At this point in time, History's thrilling, informative, and sometimes hilarious reality series "American Pickers" has arguably been kicking around the television landscape long enough to boast a "vintage" label of its own. That's especially true when you factor in just how many other shows have come and gone since the series' 2010 debut. And during the antiquing series' surprisingly lengthy small-screen run, series creator and host Mike Wolfe and his various co-hosts have kept viewers well entertained as they scour backyards, barns, and storage units across the country in search of coveted, rusted, and quite often shamefully discarded vintage treasures.    

Over the years, the list of obscure objects that have passed through the hands of the "American Pickers" team has included vintage toys, classic cars and motorcycles, forgotten Hollywood relics, and all manner of items in between. But one area of antiques Wolfe and his crew have not often ventured into is the world of vintage musical instruments. During a Season 13 episode, however, Wolfe and his former co-host Frank Fritz got their hands on a highly-sought after 1958 Chet Atkins model Gretsch guitar and were looking to swing a potentially lucrative deal for it. Luckily, the duo found a most willing buyer in indie rock icon Dan Auerbach of the Black Keys.  

Auerbach lovingly schooled the American Pickers team on the finer notes of Gretsch Guitars

Dan Auerbach is, of course, best known to many as the frontman of the beloved, blues-infused garage rock outfit the Black Keys. And if you're at all familiar with the band, you know they're gleefully obsessed with crafting modern rock bangers with a distinctly vintage sound. Auerbach has apparently studied up on the world of vintage instruments too as he's visibly excited when the "American Pickers" crew walk into his studio with a '58 Gretsch. He even claims, "The Chet Atkins model is probably the most desirable Gretsch ... I've never even played one."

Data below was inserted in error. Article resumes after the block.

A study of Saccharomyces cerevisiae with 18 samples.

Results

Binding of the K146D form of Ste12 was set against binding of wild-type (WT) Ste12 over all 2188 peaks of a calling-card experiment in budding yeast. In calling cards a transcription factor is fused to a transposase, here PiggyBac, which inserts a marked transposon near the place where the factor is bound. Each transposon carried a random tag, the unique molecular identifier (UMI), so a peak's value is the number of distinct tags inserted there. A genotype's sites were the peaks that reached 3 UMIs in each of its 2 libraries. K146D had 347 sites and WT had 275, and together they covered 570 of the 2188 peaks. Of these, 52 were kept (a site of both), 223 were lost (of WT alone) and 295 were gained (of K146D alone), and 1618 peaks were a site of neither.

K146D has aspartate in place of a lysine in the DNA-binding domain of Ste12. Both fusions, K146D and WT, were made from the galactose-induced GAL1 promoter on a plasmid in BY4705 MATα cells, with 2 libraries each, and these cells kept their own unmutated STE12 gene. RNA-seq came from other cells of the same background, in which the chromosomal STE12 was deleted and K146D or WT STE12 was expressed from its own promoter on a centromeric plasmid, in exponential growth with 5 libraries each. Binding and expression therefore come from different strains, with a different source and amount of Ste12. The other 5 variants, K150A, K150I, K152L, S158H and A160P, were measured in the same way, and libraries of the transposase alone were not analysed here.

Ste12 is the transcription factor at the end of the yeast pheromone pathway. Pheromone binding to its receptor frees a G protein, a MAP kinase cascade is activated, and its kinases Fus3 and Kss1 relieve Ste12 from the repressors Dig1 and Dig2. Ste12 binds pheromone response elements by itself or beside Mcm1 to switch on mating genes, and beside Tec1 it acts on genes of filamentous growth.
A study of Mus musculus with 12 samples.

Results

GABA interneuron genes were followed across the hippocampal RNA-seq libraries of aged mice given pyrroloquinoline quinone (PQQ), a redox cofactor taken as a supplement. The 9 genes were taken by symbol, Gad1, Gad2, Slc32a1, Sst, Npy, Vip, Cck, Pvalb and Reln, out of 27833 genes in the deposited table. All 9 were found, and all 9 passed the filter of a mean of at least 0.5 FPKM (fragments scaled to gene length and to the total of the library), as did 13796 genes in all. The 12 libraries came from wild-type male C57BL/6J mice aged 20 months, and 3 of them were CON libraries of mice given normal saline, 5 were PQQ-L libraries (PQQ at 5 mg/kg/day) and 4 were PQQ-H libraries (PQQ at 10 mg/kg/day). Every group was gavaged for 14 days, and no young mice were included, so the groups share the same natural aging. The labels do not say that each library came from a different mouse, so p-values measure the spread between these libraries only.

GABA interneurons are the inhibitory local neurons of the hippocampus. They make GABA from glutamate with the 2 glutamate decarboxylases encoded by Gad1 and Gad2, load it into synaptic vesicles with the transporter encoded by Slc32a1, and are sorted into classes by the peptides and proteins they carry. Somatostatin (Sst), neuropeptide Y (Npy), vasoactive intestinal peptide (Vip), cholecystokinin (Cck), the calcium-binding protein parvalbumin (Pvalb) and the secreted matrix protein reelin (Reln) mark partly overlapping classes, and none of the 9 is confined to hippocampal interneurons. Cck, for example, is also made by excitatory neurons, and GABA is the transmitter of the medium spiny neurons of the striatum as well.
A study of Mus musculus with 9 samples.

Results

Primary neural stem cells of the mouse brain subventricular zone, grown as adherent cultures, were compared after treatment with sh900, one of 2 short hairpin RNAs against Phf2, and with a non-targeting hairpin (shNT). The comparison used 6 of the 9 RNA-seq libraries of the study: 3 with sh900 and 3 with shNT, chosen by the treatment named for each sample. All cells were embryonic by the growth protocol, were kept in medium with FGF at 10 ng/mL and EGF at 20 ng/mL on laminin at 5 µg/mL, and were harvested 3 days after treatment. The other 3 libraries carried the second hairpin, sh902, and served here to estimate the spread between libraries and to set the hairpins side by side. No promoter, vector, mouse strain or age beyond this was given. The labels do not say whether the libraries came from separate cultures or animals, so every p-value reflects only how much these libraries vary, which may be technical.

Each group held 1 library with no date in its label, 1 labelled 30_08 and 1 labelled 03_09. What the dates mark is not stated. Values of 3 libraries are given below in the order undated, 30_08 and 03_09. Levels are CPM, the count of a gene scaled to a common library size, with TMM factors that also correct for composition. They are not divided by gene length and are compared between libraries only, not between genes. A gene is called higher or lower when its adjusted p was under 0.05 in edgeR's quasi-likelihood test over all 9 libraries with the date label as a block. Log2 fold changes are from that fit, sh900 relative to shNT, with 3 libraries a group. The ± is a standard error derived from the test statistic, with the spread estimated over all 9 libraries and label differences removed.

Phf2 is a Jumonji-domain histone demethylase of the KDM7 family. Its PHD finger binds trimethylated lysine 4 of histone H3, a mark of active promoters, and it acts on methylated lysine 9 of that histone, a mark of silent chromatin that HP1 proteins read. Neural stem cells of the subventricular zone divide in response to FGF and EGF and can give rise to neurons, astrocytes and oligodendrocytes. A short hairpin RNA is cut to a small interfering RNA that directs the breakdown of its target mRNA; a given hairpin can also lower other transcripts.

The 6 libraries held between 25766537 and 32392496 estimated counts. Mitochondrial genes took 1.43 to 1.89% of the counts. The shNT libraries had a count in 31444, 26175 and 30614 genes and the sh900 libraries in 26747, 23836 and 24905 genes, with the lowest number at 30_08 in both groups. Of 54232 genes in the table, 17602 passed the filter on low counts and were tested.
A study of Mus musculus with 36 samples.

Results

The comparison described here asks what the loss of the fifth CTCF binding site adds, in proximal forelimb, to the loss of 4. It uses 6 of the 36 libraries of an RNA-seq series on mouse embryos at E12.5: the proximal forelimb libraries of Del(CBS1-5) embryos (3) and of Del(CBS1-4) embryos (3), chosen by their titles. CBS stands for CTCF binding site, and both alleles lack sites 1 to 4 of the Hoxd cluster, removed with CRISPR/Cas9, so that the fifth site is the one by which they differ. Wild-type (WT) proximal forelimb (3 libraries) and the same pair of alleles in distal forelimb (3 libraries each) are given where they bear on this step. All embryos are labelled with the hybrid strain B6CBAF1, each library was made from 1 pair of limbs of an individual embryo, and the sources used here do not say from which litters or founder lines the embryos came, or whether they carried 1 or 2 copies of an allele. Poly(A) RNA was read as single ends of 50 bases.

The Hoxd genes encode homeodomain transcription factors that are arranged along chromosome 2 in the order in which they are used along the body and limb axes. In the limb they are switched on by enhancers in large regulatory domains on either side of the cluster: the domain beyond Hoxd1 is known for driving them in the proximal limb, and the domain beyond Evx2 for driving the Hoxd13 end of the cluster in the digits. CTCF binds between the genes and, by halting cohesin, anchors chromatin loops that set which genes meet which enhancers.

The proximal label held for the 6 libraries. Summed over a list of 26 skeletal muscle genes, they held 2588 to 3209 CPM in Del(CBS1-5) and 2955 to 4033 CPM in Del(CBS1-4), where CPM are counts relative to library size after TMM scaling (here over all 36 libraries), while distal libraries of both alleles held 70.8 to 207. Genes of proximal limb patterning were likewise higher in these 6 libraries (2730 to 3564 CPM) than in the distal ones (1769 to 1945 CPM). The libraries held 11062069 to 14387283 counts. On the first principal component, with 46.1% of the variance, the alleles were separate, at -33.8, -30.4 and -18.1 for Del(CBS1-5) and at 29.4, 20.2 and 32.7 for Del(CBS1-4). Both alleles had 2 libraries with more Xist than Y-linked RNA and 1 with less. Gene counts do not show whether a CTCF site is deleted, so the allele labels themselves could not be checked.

Auerbach is clearly bent on changing that fact once Mike Wolfe and Frank Fritz unveil the instrument. "There's a difference between guitars collectors collect, and ones that players use," the rocker notes, adding, "This one is a player's guitar." Auerbach does his due diligence before attempting to strike a deal, carefully looking the instrument over to see what might need to be replaced or repaired. He does the same for a vintage Fender amp Wolfe and Fritz packaged the Gretsch with.

Once the gang starts kicking around numbers for the package, surprisingly little haggling is done with Wolfe opening the bidding at $11,000, and Auerbach countering with $10,000. The latter figure was enough for Mike to turn a profit, and to ensure the Gretsch found a forever home in Auerbach's studio set. While we can't say for certain, we'd wager you've even heard that vintage beauty on a Black Keys album or two over the years.